Five months after Kevin Hallock stepped down from the helm of the School of Industrial and Labor Relations to lead the newly formed SC Johnson College of Business, the nation’s premier institution of labor education and research continues in its search for a new dean. While the search committee has voiced desire for student input, we fear the opinions of those most impacted by the management of this program will not be made a central concern. In fact, the Provost has made no commitments to transparency in this process, and has indicated to faculty members that he may be departing from well-established norms by not giving faculty and students the ability to comment on candidates being considered for the position. The Provost would require the select faculty members who meet the finalists to sign confidentiality agreements, agreeing to refrain from discussing potential candidates with their colleagues.
The fact that the previous dean was so easily able to transition to leading an institution of management is indicative of the corporate bias of the search process to date. The administration’s initial choice for Mr. Hallock’s predecessor was so far removed from the interests of the ILR school that students were driven to reach out to him directly to let him know ILR was the wrong place for him. Ultimately, that candidate decided not to come to the school and the position was offered to Harry Katz.
This time can be different. ILR was founded to improve labor relations in a post-war economy and serve as a resource for both firms and the labor movement navigating the changing trends of work. To honor the history of the labor movement, the ethos of which is built around solidarity and shared governance, the process of seeking new leadership must be as transparent and democratic as possible. This entails shared responsibility between the faculty who run the school and the students who define it.
Over the past several months, a broad network of undergraduate and graduate students have been holding formal and informal conversations in the corridors of Ives Hall and through the “Future of ILR” Facebook and Instagram pages to explore our hopes and aspirations for the future of our unique academic program. We are hosting a student-run forum on Thursday, March 28 to keep student voices central to the process. We seek a dean who could more easily find a job leading a nonprofit than a business school. The business school is a formidable and necessary institution in its own right, but also one wholly distinct from the field of industrial and labor relations.
ILR needs leadership that recognizes the rapidly changing world of work and its impact on communities and individuals. At a time when a four million American families are both poor and have at least one working family member, it is clear that employment is no longer a guarantor of a decent standard of living. The gig economy accounts for 36 percent of American workers, meaning 57 million people and their families live without a traditional steady source of income. Even those not directly affected by the shapeshifting economy experience the social and political consequences of widespread job insecurity and income inequality in both local and national elections. We are lucky to be members of the institution best equipped to tackle this brave new world; we need a dean who will make labor a top priority.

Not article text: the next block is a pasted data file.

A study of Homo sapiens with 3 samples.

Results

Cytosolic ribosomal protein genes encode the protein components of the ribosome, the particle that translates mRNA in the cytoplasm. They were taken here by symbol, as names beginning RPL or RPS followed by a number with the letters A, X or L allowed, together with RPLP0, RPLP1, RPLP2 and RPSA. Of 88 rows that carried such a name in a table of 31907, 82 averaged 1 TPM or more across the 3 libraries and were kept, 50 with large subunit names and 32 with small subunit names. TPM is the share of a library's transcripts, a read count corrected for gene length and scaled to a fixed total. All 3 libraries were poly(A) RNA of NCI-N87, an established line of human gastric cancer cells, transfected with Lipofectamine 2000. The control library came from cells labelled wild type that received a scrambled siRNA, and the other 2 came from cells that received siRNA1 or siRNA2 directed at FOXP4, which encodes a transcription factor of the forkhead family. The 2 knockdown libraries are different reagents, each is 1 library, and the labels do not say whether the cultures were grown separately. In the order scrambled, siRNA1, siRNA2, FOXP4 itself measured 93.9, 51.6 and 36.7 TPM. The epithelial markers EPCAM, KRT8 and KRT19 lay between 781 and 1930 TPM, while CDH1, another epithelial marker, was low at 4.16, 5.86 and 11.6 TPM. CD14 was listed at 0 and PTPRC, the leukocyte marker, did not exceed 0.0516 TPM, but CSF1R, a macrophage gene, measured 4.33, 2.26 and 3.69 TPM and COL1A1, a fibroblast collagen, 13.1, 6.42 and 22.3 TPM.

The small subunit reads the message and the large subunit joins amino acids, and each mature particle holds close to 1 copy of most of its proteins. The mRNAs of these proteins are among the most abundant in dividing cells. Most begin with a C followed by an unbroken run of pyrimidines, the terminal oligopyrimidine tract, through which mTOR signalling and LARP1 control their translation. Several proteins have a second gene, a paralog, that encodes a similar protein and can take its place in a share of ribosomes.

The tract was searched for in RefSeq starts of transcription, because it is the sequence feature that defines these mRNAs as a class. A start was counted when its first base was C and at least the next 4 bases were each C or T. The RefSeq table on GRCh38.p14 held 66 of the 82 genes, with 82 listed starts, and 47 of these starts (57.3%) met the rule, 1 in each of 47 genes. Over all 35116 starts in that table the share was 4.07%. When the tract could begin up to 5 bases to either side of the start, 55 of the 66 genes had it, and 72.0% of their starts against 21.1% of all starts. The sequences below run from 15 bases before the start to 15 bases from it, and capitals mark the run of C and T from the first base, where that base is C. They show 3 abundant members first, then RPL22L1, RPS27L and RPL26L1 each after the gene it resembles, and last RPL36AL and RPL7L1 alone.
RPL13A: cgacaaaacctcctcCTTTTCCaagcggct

Entering Ives Hall on the side of the building next to the ramp — the accessible entrance an emblem of hard-won victories for Americans with disabilities — you pass between framed black and white photos of marching strikers, a working machinist and “an unemployed man sleep[ing] with his shoes under his head so that they won’t be stolen.” Labor’s inextricable connection to civil rights and wider issues of social justice necessitates its continued presence at the heart of the school. The ILR School’s influence can be felt in the countless advances in quality of life that we now take for granted. To allow these reminders on the walls of this hallowed institution to become relics of a bygone era instead of inspiration for a renewed push to defend and uplift the worker of the 21st century would be an affront to our history, the cherished rights we enjoy today and the hope of continued progress advancing the world of work into a more just and equitable future.
ILR is not without its systemic problems. While 50 years ago one’s declaration that they are studying Industrial and Labor Relations might be met with respect and support, today, it frequently elicits bewilderment. While of the motto “one major, endless possibilities” appeals to thousands across the country and world, driving high rates of application and low rates of acceptance, it betrays an identity crisis within the school: many do not know what it stands for. Without an “Intro to ILR” course comparable to PAM 2300: Introduction to Policy Analysis, students can advance through all four years without fully understanding the purpose of their major.
The students deserve a voice in the future of ILR, and ILR deserves a dean who will advance its mission. We seek leadership that recognizes the crisis of labor driven by automation and globalization and has a vision for the school to address it. A dean who can modernize ILR while honoring its identity and role in the world of work would ensure that upon graduation, students of Cornell’s most specialized college would embark on their journeys toward endless possibilities with an appreciation for the labor they both encounter and perform in whichever field they choose.
Elijah Fox is a sophomore in the School of Industrial and Labor Relations. He can be reached at email@example.com.
Chad Rosenbloom is pursuing a Master’s degree in Industrial and Labor Relations. He can be reached at firstname.lastname@example.org.